For vs. To

Difference Between For and To

‘For’ and ‘To’ prepositions are used in the English language with a difference. An author should be careful in the use of two prepositions.

To is a preposition that is used with a word in the fourth case known as the dative case. There are seven different cases in the English grammar and they are the nominative case, Instrumental case, Ablative case, the dative case, Genitive case, possessive case and Accusative case. All these cases are used differently with different prepositions to convey ideas to the reader or listener.

It is important to know that ‘to’ is used in the dative case. The preposition ‘for’ is also used in dative case, but little differently. See at the use of ‘to’ in the examples:

1. He gave a book to his classmate.

2. Francis has traveled to London from Paris.

In the first sentence you can see that a book is given by someone to his classmate and the second sentence you can see that Francis has moved from one place to another. In both sentences ‘to’ is used to express ‘movement’. In other words, it indicates a movement of a person or thing from one place to another or from one person to another. In the first example a thin is moving from one person to other while in the second, a person is moving from one place to other.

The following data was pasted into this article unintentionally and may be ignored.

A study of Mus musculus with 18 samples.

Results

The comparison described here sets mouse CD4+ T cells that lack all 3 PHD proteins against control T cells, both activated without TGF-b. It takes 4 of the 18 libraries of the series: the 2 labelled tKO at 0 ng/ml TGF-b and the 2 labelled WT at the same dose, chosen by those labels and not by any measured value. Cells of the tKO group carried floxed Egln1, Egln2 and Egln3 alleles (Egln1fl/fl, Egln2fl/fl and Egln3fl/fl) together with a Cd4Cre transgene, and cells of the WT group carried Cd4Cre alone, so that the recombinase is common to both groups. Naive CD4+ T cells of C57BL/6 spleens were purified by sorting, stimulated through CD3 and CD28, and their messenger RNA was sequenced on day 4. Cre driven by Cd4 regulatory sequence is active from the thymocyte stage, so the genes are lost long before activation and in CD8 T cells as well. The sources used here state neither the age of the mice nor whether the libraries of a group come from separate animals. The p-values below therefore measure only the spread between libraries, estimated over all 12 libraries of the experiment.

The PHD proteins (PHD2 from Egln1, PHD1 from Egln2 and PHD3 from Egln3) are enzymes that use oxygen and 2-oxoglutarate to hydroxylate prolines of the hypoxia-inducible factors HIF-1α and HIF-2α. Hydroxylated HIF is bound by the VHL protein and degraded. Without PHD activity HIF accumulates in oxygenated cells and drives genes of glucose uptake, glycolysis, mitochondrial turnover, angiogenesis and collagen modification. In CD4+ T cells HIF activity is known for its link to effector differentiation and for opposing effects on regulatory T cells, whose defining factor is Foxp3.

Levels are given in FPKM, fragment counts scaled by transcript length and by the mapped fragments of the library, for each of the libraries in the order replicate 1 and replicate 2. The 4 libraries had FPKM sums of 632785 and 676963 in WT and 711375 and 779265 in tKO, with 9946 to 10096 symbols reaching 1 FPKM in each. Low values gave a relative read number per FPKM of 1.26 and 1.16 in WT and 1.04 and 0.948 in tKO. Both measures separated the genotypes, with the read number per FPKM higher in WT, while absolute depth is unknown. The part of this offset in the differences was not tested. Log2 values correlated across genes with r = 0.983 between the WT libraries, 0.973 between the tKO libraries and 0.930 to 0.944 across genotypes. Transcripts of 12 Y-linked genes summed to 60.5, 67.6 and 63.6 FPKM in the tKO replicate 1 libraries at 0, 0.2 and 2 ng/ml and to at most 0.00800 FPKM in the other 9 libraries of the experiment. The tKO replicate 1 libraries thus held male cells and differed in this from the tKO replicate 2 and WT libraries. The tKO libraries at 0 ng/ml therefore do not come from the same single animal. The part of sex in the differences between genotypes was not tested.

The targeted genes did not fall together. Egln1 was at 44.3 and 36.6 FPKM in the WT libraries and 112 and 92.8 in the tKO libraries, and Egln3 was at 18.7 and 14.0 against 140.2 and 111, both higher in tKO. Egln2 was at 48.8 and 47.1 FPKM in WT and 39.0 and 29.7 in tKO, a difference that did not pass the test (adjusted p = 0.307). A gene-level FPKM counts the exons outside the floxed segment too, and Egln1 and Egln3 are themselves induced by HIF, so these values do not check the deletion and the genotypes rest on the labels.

On the other hand the preposition ‘for’ indicates the significance of a person or object for which an action was made as in the sentence ‘I bought a book for my father’ and ‘He made each thing for his older brother ‘. You can understand the importance attached to two people, ‘the father’ as ‘elder brother’ in both sentences, respectively.